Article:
Seminar on Political Influencing

18 October 2012

Richard Bartholomew

Social scientists have more ability to influence Select Committees than they might think, but may not be taking full advantage of the opportunities presented.

This was one of a number of points to come out of the Art of Political Influencing seminar in London on 18 October, run by the Campaign.

Rachel Maze, the Policy Analyst for the Lords Science and Technology Committee, told the seminar that she didn’t agree that Select Committees gave STEM (science, technology, engineering and mathematics) subjects more attention than others.

“I think you would be surprised at how many committees do look at relevant [social science] issues,” she said. As an example, she said that her Committee had looked at behavioural change “and we looked at all the research priorities, we didn’t just look at STEM subjects.”

But she agreed that it was “challenging” to pinpoint which committees were tackling which topics, and to ensure that social science voices were heard.

William Solesbury, the Policy Advisor for the Academy of Social Sciences, told the audience that social scientists had scope to respond to Select Committees more often than at present.

He had been asked to look at how often social scientists were taking the opportunity to give submissions to Committees. “I chose four or five recent Committee inquiries where you would imagine there would be a social science interest and looked at the final report where they list submissions, and it [the response from social scientists] was very thin.”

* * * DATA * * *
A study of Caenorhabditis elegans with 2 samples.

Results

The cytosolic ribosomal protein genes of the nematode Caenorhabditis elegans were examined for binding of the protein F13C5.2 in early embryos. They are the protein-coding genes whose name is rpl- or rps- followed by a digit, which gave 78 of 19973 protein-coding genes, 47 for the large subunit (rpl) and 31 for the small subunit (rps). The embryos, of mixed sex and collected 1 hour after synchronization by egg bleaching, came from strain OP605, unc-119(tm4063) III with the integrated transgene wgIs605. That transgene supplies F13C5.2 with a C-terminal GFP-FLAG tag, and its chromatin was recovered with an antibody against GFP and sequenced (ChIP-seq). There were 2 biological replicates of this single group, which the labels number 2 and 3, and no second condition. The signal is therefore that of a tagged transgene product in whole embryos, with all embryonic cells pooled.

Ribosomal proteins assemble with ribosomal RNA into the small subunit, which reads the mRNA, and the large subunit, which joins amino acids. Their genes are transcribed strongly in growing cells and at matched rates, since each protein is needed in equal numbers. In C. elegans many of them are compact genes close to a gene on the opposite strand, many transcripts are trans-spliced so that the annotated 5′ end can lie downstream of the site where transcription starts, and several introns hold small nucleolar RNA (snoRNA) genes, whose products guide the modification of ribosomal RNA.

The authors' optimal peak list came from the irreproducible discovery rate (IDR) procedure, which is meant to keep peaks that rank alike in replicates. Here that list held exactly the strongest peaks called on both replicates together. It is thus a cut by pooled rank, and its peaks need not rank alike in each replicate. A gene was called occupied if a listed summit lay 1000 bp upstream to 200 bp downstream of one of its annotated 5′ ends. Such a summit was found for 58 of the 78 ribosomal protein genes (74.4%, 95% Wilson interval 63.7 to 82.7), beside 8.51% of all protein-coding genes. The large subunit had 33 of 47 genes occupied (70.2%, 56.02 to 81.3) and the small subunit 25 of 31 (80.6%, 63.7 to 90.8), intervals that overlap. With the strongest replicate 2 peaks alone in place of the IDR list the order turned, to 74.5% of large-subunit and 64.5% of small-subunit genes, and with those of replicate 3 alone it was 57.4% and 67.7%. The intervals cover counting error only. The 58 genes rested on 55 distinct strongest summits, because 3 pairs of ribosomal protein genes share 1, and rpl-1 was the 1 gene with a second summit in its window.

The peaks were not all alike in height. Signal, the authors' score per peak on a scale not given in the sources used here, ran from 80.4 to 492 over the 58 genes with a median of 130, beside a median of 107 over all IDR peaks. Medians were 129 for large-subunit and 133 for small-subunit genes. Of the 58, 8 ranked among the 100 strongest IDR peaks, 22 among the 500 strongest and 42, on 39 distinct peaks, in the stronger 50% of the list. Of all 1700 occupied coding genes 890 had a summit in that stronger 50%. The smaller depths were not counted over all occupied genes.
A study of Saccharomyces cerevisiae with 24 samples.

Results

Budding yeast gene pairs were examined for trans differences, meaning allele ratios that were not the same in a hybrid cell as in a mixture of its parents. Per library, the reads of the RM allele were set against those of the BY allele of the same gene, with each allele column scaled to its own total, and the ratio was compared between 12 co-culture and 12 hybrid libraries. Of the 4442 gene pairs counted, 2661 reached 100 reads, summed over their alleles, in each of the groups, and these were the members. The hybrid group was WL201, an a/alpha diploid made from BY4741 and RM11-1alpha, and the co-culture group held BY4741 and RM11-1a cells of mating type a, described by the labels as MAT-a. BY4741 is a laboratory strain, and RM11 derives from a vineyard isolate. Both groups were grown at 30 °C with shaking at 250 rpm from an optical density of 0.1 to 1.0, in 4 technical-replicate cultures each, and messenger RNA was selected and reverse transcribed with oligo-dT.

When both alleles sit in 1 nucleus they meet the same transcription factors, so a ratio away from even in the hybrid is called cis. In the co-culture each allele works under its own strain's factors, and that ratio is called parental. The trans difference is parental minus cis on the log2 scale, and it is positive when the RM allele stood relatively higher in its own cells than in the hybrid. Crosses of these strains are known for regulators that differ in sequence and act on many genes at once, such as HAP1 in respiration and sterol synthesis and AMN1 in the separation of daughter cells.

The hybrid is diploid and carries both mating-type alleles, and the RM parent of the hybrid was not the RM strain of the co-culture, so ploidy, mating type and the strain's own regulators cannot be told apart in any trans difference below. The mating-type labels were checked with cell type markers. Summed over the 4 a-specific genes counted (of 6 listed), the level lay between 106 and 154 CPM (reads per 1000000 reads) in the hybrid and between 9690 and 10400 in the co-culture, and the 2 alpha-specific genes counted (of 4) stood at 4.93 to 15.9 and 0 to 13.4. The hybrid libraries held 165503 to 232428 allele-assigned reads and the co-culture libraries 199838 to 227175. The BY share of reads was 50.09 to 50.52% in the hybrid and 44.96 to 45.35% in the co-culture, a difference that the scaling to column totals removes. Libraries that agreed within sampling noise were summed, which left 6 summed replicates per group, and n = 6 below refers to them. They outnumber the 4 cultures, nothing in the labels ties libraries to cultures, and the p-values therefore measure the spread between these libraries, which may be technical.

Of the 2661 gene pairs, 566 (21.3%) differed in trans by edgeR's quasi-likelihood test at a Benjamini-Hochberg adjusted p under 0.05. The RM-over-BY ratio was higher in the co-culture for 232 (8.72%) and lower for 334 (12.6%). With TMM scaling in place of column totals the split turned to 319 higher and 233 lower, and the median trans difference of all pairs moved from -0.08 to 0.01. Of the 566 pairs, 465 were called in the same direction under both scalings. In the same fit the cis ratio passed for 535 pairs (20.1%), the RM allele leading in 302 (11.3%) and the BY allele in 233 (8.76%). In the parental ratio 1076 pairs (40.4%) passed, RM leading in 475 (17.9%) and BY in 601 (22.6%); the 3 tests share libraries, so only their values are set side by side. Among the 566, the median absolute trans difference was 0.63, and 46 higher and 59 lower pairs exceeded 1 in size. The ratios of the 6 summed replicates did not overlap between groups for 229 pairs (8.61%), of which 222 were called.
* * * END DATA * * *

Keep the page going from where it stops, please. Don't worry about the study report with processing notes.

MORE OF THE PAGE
Ms Maze and Mr Solesbury were among five speakers at the event, held at the British Academy of Management, with an audience from learned societies and publishers.

They explained the system of Commons and Lords Select Committees, giving details of how social scientists can influence their work and conclusions. They described how committees announced a topic and called for submissions before hearing witnesses, making visits, discussing the topic and publishing a report. The Government would then respond to the report, and the committee would publish a response to this.

Select Committees could be influential, particularly because they debated issues publicly, and the Government often responded to this by modifying legislation.

Rachel recommended that social scientists scan the inquiry pages on parliamentary websites and sign up for alerts to let them know when inquiries are planned:

She said that social scientists could contact Committees to suggest a topic for an inquiry, either by writing a letter or speaking to its clerks and analysts. They could write a submission to an inquiry, which should be short and relevant, and if invited to speak could give evidence to the Committee.

Richard Bartholomew, Chief Research Officer at the Department for Education, spoke about consultations set up by the Government. These were more about shaping policy implementation than challenging fundamental policy ideas that had already been decided upon, he said.

Nevertheless, they could have a practical impact. The best replies were clear and answered at least some of the questions posed, with references to further information.

Dr Steven Toole, Policy and Public Affairs Manager for the Royal Geographical Society, emphasised the importance of building up relationships, a theme developed by Andrew Garratt, Press and Public Affairs Manager for the Royal Statistical Society.

• The Campaign for Social Science publishes a Policy Monitor list of consultations that social scientists might wish to respond to.